The Evolution Of The Disney Princess

How the ideal princess has changed over time.

The Evolution Of The Disney Princess

The first Disney princess film to be released was "Snow White" in 1937. Throughout this iconic film, following her expulsion by her jealous step-mother, emphasis was placed on Snow White’s desire to clean the dwarves’ home and care for them. Later on in the film, when she takes a bite of her step-mother’s poisoned apple, she is saved by the true love she had been crushing on throughout the whole film. "Cinderella," released in 1950, and "Sleeping Beauty," released in 1959, feature similar protagonists. Both of these princesses dream of finding their true love and are eventually rescued by them in the end. These princesses directly reflected what was considered the ideal woman at the time. For example, in 1937, Snow White cooked, cleaned, and took care of men, which was common of most women in that decade. It wasn’t the norm for them to doctors or lawyers, but rather stay at home mothers who tended to domestic responsibilities while maintaining a nurturing personality, making sure everything was ready for their man when he came home from work.

The Disney princess films released in later decades feature a different sort of princess. Released in 1989, "The Little Mermaid" is considered to feature the first well-rounded princess; she voices her opinions and interests, and characters such as her father and Sebastian are quick to point out her flaws. While she does give up her life as a mermaid for a man, she fights for her dream of becoming a human by herself. Several years later, "Beauty and the Beast" was released, featuring Belle, a beauty who loves to read and therefore considered peculiar by the locals. Belle marches to the beat of her own drum without caring what the townspeople say about her, including the town hunk Gaston, whom most girls are fawning over. She saves her father from captivity from the Beast, and ends up caring for the broken prince vying for her love. The movie "Aladdin" features princess Jasmine, who repeatedly rejects potential suitors, claiming she is not a prize to be won. The princesses shown in this time period are increasingly headstrong and opinionated, but are still in need of a little saving.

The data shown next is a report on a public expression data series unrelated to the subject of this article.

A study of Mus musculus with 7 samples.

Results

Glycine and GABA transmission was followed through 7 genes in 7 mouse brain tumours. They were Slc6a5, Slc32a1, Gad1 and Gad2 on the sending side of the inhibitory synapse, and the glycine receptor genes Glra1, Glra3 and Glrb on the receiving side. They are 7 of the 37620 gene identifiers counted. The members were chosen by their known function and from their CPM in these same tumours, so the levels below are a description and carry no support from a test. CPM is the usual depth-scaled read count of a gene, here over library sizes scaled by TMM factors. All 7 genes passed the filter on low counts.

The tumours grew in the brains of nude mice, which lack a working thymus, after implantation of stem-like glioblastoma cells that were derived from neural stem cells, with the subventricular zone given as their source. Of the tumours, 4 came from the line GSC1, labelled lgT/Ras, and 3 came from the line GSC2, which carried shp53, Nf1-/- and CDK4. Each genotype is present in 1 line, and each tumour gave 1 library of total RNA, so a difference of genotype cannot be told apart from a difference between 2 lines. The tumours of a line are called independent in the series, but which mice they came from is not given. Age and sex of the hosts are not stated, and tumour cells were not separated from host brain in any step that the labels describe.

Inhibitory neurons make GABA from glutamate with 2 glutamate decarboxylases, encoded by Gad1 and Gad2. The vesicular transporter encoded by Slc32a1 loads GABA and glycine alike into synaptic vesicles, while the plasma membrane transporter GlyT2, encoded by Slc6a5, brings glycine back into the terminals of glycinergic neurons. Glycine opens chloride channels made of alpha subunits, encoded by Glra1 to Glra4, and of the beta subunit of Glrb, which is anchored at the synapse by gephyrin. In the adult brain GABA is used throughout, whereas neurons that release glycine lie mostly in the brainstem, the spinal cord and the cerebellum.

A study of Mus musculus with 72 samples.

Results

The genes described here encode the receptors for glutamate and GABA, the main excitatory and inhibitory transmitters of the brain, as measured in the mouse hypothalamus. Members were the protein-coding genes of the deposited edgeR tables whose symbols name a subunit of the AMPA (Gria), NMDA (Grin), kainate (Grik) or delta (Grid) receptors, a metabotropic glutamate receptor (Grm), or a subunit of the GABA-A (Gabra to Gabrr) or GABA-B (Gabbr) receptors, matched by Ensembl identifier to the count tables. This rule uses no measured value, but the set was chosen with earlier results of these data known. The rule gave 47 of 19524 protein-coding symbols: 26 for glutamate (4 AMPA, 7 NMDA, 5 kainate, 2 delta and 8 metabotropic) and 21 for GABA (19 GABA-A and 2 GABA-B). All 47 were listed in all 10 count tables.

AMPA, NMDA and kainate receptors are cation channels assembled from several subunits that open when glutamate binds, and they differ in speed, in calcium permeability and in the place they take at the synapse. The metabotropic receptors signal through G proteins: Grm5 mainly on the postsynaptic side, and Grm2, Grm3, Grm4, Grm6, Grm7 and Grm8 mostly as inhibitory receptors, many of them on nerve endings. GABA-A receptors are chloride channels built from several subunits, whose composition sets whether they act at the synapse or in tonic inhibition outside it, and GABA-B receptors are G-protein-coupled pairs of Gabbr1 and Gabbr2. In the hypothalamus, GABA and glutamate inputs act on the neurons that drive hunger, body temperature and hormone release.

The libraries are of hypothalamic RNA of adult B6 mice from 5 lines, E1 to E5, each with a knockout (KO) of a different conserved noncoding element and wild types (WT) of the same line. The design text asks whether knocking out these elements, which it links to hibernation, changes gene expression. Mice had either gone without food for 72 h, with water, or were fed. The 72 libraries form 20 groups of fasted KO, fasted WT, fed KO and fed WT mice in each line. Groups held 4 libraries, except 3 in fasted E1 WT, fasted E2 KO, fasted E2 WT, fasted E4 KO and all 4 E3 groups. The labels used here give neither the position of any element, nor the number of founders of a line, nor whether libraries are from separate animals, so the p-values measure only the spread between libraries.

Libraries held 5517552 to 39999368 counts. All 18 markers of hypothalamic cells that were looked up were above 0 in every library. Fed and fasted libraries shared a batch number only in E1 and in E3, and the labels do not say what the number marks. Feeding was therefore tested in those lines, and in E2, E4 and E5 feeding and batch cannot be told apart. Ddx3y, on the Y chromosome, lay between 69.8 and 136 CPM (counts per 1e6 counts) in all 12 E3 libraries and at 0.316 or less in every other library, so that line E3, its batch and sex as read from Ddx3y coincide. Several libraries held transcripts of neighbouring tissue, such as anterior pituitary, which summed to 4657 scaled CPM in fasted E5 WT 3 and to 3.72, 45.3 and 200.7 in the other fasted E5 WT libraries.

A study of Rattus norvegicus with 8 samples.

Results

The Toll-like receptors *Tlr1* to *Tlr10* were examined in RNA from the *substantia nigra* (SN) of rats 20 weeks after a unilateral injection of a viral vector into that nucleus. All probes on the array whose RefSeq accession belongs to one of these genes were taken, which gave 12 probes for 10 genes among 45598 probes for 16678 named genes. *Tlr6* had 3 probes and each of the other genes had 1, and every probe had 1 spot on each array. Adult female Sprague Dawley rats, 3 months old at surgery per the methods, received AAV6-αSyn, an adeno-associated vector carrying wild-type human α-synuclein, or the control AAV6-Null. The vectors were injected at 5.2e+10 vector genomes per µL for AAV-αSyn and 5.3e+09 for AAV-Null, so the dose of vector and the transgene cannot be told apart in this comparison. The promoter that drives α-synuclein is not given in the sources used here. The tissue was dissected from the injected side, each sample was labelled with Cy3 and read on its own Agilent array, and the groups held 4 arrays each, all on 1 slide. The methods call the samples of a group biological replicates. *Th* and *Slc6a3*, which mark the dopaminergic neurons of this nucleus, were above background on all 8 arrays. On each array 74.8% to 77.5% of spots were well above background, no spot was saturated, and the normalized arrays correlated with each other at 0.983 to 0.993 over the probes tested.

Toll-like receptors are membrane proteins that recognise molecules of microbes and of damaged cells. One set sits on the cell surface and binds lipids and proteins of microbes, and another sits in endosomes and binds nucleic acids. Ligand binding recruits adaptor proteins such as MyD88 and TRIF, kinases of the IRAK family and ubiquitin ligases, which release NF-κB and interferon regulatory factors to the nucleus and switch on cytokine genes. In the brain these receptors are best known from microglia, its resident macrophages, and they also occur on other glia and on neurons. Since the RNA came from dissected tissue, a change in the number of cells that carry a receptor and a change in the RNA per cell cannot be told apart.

The most recent Disney princesses are considered to be the heroes of their own story, not necessarily looking for romance. For example, the movie "Brave" doesn’t even feature a romantic plot line; rather, it focuses on family values, as does the recent hit "Frozen." The movies that do focus on romance don’t end in the typical wedding scene that earlier films featured. "Pocahontas," for example, features an independent young woman who wishes to find her path in life and falls in love with John Smith along the way; in the end, she chooses to remain with her family instead of giving up her identity to travel to England with him. "Mulan" features a strong woman who disguises herself as a soldier to protect her father. While she and General Shang share some romantic tension at the end of the film, the happily-ever-after isn’t a wedding; rather, it is Mulan saving China.

Disney princess films have evolved alongside society, creating princesses who are the heroes of their own stories. Even when they fall in love with a prince, they don’t necessarily need him to save them. However, this doesn’t mean that the earlier classics should be disregarded; they merely featured what was considered ideal of women at the time. As women become more empowered, the definition of the ideal Disney princess continues changing into a progressively more heroic, independent, and headstrong woman for toddlers and teenagers alike to look up to.